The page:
An Underground Railroad history tour of Columbia will be offered Saturday by two Lancaster County history organizations.
The Underground Railroad Learning Tour, which runs from 9 a.m. to noon, will feature presentations in outdoor covered spaces as well as guided walking tours of Columbia in small groups.
It’s a collaboration between the African American Historical Society of South Central PA and the Lancaster Mennonite Historical Society.
Those taking the tour will meet at the Columbia Crossing River Trails Center, 41 Walnut St., Columbia. Each person will receive a passport to the different Columbia stops, which will be stamped with an imprint supplied by the National Park Service Underground Railroad Network to Freedom.
A face covering is required.
Cost is $40 per person and requires advance registration by Wednesday. The learning tour will be held rain or shine.
The walking tour will include an option to take in the new Underground Railroad exhibit at the Columbia Historic Preservation Society museum on North Second Street.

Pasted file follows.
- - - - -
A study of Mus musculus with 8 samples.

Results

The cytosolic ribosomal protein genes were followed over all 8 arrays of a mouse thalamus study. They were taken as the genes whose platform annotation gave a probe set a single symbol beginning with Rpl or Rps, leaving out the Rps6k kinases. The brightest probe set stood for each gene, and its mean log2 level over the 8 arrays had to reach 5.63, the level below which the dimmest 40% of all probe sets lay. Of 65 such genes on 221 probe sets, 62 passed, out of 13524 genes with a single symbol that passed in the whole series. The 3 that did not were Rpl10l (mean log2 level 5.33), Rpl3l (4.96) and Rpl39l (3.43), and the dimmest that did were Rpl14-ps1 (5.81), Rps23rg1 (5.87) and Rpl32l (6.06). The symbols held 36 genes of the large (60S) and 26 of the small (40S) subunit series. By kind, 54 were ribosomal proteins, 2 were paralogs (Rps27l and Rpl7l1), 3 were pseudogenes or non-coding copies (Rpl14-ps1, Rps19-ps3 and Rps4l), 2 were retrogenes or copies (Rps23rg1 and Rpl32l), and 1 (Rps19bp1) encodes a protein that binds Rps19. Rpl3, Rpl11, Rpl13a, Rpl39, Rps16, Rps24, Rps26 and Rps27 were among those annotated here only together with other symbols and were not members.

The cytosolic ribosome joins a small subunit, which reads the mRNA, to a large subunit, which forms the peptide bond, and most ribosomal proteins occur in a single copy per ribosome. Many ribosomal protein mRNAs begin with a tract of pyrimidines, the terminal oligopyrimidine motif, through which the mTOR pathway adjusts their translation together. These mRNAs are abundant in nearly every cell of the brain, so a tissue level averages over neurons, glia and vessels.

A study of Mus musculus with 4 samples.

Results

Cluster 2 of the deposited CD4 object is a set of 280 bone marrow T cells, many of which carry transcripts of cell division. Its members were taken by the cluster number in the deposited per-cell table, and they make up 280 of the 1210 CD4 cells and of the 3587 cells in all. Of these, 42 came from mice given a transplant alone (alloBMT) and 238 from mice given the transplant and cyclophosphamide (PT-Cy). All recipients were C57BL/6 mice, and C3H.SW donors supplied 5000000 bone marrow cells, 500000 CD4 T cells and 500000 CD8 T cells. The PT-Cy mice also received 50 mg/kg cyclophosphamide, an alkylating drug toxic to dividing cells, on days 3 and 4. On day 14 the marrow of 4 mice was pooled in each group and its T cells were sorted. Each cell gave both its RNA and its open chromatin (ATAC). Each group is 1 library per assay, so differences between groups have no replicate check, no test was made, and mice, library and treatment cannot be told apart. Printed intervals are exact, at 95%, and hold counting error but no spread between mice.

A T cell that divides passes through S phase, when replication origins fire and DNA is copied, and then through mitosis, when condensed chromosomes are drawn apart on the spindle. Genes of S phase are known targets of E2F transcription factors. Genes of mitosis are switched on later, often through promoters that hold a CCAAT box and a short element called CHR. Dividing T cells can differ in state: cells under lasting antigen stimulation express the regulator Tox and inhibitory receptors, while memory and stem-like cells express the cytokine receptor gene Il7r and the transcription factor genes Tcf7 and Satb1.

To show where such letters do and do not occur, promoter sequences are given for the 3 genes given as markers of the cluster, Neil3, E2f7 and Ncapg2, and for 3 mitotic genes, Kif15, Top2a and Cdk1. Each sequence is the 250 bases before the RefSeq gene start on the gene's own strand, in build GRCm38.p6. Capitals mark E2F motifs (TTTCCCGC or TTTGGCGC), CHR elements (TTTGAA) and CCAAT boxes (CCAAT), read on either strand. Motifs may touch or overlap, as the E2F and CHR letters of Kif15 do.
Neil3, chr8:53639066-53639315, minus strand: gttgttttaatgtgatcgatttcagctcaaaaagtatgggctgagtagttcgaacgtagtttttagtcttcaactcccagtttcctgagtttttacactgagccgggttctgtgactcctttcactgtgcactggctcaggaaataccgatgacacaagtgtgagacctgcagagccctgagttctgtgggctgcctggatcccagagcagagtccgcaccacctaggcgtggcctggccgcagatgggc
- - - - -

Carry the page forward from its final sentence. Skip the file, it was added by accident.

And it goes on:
Register at bit.ly/URTour or call 717-393-9745.
Stops include the Wright’s Ferry Mansion, the Lloyd Mifflin House, the William Wright House and the First National Bank Museum. There will be information about a self-guided driving tour of Zion Hill Cemetery on Fifth Street, as well.
Columbia is one of the earliest places where the term “underground railroad” was commonly used to describe a network supporting formerly enslaved African Americans journeying to new lives, according to a news release about the tour.
Stephen Smith and William Whipper, successful Black entrepreneurs in Columbia, provided financial assistance and leadership that made the town a key Underground Railroad gateway to destinations north and east, the release says.